Protect Against Expert Network Solicitations
At Lockheed Martin, the security and confidentiality of company information is at the forefront of our operational mindset. As a supplier, we rely on you to stay vigilant against the “hidden spies” in your inbox, online or on your mobile devices.
Maintaining visibility of the hidden spies in your inbox is critical to ensure security.
“If it’s too good to be true, it usually is”
Expert Networks are a prime example of this adage. These companies connect their “clients” with experts who share information related to specific topics of interest. These experts may be crucial members of your company.
While answering a few questions might sound innocent enough, you or a colleague may unwittingly provide information to a direct competitor, an individual hired by a nation-state, or even an intelligence service of a nation-state adversary.
What do Expert Network companies do?
The primary role of the Expert Network company is to identify subject matter experts (SME), like you, who have the expertise or specialized knowledge their client is seeking. The company will typically contact the SME to gain additional insight to determine if they are willing and able to answer their client’s questions. The most common way Expert Network companies contact these SME’s is through email or LinkedIn, but there are instances where Expert Network companies reached out to SMEs through text messages and unsolicited phone calls. Notably, SMEs are routinely offered monetary compensation for their time and information.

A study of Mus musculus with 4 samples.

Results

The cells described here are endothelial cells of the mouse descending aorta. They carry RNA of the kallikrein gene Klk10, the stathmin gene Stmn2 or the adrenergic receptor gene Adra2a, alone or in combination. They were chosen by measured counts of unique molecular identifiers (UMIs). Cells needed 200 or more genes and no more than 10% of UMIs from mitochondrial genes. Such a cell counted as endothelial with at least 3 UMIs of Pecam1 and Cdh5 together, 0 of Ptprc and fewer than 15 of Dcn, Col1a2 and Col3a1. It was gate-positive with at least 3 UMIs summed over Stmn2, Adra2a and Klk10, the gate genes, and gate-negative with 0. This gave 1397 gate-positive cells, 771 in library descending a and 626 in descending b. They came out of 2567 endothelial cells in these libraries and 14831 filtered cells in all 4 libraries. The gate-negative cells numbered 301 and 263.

Sounds Great! What’s the Problem?
The catch is that only the Expert Network company knows the identity of its client. And that’s if the client provided accurate information and is the actual end user. The “client” could in fact just be an intermediary who and provides the information to a third party.
Expert Network companies often seek classified or proprietary information. Careful attention should be paid to your internal company policies to ensure protection of sensitive company and client information. Providing classified or proprietary information will negatively impact the defense industry’s competitive advantage.
How can I Protect Myself?
- Limit publicly available details about yourself that would enable Expert Network companies to identify and target you. This includes specific information related to your work, the programs and technologies you support, your clearance level and other sensitive information about you and your area of expertise. Limiting this information in publicly available resources will reduce the likelihood of being contacted by an Expert Network company.
- Be mindful of the contact information you share via email, especially in automatic replies or signature blocks.
- Do not forward messages. This can expand the Expert Network company’s network. In essence, you would be doing their work for them by identifying specific individuals with the expertise for which they are looking.
If you are contacted by an Expert Network or asked to answer questions by unknown individuals, do not respond! Report it to the appropriate internal official within your company.